LONDON -- The ATP Tour officially announced Thursday the formation of a new team competition, the ATP Cup, which will be added to an already crowded calendar.
With the new-look Davis Cup, run by the International Tennis Federation, set to be held in November starting in 2019, the ATP Cup, which will begin in the first week of January, will see two major team events in the space of six weeks.
The announcement came less than 24 hours after the world No. 1 Novak Djokovic said the current schedule had become saturated and that two team events in such a small space of time was "not sustainable."
The ATP Cup, an expanded revamping of the old ATP World Team Cup, which ran for 35 years until 2012, will have 24 teams of up to five players and is expected be held in January 2020 over 10 days across three cities.
The event is not mandatory but will offer a maximum of 750 ranking points to players, with a total of $15 million in prize money, ATP executive chairman and president Chris Kermode said to the press at London's O2, the venue for this week's Nitto ATP Finals.
On Wednesday, Djokovic said holding the Davis Cup and ATP Cup in such close proximity would result in "two average events."
He continued: "From what I've heard from conversations with people from all of the sides, different sides in this sport, they all want to have one event because it's oversaturated with different cups, different events.
"We have the longest season in all sports. We're just adding events. We kind of have to try to focus on quality rather than quantity."
Alexander Zverev, who lost to Djokovic at this week's ATP Finals, told reporters that the season was "way too long."
"That's the issue," he said. "But I've said it before. We play for 11 months a year. That's ridiculous. No other professional sport does that."
Kermode and Craig Tiley, the CEO of Tennis Australia, both said they hoped to resolve the scheduling issue. Kermode suggested the ATP should look to make some changes to the calendar in general, having discussed it with the sport's other governing bodies, the ITF, WTA and all four Grand Slam events earlier this week.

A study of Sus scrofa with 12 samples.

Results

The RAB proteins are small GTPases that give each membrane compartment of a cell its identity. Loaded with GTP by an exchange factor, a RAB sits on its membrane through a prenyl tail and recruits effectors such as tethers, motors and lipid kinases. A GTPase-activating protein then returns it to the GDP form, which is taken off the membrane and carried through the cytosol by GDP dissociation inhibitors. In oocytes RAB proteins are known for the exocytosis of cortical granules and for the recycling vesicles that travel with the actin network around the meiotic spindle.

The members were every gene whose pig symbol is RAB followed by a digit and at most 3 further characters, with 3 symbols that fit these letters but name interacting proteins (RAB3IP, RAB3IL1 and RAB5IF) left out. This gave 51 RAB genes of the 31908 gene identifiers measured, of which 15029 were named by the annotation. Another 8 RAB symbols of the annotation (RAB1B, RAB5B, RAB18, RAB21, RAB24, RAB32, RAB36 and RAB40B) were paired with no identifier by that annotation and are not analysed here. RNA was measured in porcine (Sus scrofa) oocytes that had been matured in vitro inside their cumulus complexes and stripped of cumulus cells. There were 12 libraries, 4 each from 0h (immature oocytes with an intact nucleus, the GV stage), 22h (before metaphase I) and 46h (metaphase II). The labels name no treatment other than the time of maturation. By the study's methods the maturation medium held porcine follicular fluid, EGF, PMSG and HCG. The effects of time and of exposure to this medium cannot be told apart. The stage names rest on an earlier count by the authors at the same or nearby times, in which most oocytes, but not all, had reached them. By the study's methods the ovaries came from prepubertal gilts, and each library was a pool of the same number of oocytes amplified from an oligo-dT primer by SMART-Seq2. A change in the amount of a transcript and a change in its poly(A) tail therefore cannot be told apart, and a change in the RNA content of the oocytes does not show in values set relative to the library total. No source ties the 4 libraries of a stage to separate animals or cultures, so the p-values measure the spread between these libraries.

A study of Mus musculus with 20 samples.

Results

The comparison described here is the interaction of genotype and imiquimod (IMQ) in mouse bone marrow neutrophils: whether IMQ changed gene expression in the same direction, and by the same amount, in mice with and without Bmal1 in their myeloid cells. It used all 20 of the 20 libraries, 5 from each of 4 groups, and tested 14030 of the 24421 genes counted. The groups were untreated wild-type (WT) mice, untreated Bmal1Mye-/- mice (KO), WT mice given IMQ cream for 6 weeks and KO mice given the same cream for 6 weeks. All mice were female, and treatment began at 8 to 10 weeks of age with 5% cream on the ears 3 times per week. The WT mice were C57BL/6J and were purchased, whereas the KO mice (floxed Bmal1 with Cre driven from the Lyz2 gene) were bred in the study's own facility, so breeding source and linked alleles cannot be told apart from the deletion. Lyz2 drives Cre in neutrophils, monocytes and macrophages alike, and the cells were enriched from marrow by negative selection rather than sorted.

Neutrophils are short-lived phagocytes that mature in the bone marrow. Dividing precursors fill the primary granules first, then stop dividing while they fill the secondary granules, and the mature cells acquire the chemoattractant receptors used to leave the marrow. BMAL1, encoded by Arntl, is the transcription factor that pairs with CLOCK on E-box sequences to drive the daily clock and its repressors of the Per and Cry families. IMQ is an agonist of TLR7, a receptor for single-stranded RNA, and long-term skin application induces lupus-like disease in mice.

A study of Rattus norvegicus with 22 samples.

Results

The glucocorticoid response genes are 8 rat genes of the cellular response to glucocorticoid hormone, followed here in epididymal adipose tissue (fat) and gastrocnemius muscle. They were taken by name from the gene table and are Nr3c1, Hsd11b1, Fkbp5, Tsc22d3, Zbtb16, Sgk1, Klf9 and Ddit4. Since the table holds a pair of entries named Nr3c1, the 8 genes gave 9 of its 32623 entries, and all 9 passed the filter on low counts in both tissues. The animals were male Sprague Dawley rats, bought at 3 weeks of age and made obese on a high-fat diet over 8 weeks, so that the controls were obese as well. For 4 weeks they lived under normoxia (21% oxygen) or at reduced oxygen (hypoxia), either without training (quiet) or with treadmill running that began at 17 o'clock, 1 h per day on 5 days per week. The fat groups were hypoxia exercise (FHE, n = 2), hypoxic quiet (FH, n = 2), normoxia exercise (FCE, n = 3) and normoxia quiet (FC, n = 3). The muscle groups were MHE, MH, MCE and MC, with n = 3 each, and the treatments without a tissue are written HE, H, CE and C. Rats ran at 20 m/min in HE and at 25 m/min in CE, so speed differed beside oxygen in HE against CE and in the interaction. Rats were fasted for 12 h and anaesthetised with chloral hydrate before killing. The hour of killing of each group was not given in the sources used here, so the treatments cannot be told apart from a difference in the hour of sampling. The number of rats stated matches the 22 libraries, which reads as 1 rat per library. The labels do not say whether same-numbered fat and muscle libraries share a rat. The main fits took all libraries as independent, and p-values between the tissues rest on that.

"What was great about our conversations was [they said] let's all look at the calendar, what's the ideal calendar," Kermode told reporters.
"But as we all know it's complicated; we have 64 events and we have the Slams, it's a lot of tennis. But I think it's time to have a fresh look. It's not going to happen overnight, but the tone of that meeting was very good, and let's see what happens in the future.
"We're open to any discussions, but we feel very strongly about this event. We couldn't delay it any longer, hence announcing this going forward with all the players' backing, and I think in the future it will be interesting to see what happens."
The introduction of the ATP Cup in the first week of the year will mean a shuffling of events. While Doha will stay in place at the same time, to offer ranking point opportunities to players who are not in the ATP Cup, the event in Pune, India, will move to the week after the Australian Open.
"From strong nations, there are going to be quite a lot of players who don't make it, so they have to have an opportunity to earn points," Kermode said.
Tiley said more than three Australian cities were bidding to stage the ATP Cup and that discussions were ongoing with the likes of Brisbane, which currently stages a combined event in the same week as the ATP Cup, as well as the Hopman Cup, the ITF-sanctioned mixed team event held at the same time.
"We've got cities that may want to maintain some of the events that they do or have an opportunity to be part of this. We'll make the right choices and the right cities and some of the events will be replaced but that's still to be determined," Tiley said.
"You can point to many, in some cases sports have three or four team events that are successful so this is not unique for the ATP and the sport to have several team events.
"We approach it that way; we're completely focused on ensuring this event is a magnificent launch to the season and a global event for the players."
The Laver Cup, an exhibition team event which began in 2017 and is held in September, is another commitment for the players. Djokovic said things need to change.
"This part of the year, post-US Open, you have Laver Cup, then Davis Cup, World Team Cup first week of the year," Djokovic elaborated. "It's really oversaturated. Within three, four months, it's too many events. We'll have to work it out. But we have to start from somewhere."
Qualification for the ATP Cup will be based on the ranking of each country's highest-ranked player, the ATP said.
The ATP did not announce an official start date for the ATP Cup but did confirm that the 2020 Australian Open will begin on Jan 20.